Several thousand migrants set out walking in the rain early Monday in southern Mexico, tired of waiting to normalise their status in a region with little work and still far from their ultimate goal of reaching the United States.
Their advocates said they wanted to call attention to their plight, timing it with this week’s Summit of the America’s in Los Angeles. It was estimated to include 4,000 to 5,000 migrants, mostly from Central America, Venezuela, and Cuba.
It is the largest migrant caravan to attempt to leave southern Mexico this year, though a much larger group was stopped last year in Guatemala. Mexican authorities have eventually broken up the others through a mix of force and offers to resolve their cases more quickly.
Many carried children in their arms, on their backs, using sheets of plastic or blankets to shield them from the persistent rain. They walked from the southern city of Tapachula to a town about 10 miles (15 kilometres) away before stopping to rest for the night.
For months, migrants and asylum seekers have complained that Mexico’s strategy of containing them in the southernmost reaches of the country has made their lives miserable. Many carry significant debts for their migration and there are few opportunities for work in Mexico’s south.
The migrants complain that delays in paperwork on visa requests have trapped them in Tapachula, a city near the Guatemalan border. On Monday, a group of migrants tried to escape a detention centre in Tapachula, climbing onto one of the roofs of the facility. However, police and National Guard ringed the centre and prevented any escape.
Mexico’s asylum agency has been overwhelmed by the surging number of applicants. Restrictive policies have made applying for asylum in Mexico one of the few routes migrants have to legalise their status and be able to continue travelling north.
The caravan departed just hours before Mexico President Andrés Manuel López Obrador announced that he would not be attending the Summit of the Americas because the Biden administration did not invite Cuba, Venezuela, and Nicaragua to participate.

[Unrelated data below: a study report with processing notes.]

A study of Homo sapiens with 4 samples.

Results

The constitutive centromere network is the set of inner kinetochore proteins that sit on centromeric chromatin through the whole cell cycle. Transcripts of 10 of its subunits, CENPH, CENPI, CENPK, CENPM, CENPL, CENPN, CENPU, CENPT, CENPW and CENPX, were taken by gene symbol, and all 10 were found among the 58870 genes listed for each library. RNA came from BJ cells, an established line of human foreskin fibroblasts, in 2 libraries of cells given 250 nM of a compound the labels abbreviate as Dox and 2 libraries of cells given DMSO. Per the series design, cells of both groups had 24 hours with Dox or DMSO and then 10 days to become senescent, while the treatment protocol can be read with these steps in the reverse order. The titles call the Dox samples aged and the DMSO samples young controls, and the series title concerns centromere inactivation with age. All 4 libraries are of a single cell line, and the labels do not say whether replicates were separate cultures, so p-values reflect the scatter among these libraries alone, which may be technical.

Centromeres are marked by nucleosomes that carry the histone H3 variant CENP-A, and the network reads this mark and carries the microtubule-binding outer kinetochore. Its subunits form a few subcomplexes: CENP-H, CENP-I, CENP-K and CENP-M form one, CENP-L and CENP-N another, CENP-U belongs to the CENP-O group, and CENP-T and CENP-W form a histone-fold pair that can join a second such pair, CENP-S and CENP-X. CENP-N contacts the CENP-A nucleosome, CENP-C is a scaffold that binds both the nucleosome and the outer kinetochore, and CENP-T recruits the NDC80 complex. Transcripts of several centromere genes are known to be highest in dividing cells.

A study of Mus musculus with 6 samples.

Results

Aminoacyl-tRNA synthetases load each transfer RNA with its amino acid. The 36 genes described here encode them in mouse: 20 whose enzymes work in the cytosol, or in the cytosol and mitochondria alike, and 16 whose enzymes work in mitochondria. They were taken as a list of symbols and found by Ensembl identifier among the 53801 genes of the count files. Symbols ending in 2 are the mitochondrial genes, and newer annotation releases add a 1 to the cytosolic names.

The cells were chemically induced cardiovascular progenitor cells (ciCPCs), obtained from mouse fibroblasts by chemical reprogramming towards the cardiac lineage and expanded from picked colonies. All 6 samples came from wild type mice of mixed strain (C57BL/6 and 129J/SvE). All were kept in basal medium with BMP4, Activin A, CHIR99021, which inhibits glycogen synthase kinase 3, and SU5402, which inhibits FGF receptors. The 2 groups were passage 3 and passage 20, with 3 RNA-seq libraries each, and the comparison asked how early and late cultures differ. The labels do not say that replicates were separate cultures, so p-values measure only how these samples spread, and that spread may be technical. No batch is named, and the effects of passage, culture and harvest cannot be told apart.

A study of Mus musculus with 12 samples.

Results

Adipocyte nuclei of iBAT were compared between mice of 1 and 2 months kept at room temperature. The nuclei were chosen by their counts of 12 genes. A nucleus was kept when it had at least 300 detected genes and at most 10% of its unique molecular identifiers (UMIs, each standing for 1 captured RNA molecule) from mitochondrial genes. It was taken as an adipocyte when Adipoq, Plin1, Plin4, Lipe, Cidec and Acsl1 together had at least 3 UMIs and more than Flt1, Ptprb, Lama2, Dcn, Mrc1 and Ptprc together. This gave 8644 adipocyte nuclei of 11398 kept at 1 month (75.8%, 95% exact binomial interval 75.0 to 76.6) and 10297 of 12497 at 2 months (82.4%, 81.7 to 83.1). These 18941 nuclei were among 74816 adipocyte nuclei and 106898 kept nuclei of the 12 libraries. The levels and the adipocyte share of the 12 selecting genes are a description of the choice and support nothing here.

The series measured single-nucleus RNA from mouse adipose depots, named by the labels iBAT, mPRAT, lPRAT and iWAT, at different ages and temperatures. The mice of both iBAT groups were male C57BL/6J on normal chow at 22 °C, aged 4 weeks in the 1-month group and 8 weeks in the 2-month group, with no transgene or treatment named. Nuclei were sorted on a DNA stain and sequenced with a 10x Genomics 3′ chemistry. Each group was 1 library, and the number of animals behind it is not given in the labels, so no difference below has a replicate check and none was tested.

Luis García Villagrán, an activist accompanying the migrants in Tapachula, said they wanted to send a message to the region’s leaders that “the migrant women and children, the migrant families are not bargaining chips for ideological and political interests.”
Venezuelan migrant Ruben Medina said he and 12 members of his family found themselves in southern Mexico because of his country’s president Nicolás Maduro.
“(We have) been waiting about two months for the visa and still nothing, so better to start walking in this march,” Medina said.
“They gave us an appointment for August 10 in (the asylum commission), and we don’t have the money to wait,” said Joselyn Ponce of Nicaragua. “We had to walk around hiding from immigration, there were raids, because if they catch us, they will lock us up.”
The phenomenon of migrant caravans took off in 2018. Previously, smaller annual caravans moved through Mexico to highlight migrants’ plight, but without the stated goal of reaching the U.S. border.
But then several thousand migrants began walking together, betting on safety in numbers and a greater likelihood that government officials would not try to stop them. It worked at first, but more recently the Guatemalan and Mexican governments have been far more aggressive in moving to dissolve the caravans before they can build momentum.
An October 2021 caravan grew to about 4,000 migrants before it diminished in southern Mexico. Another that was broken up by authorities in Guatemala in January of that year was estimated to be even larger.
While the caravans have garnered media attention, the migrants travelling in them represent a tiny fraction of the migratory flow that carries people to the U.S. border every day, usually with the help of smugglers.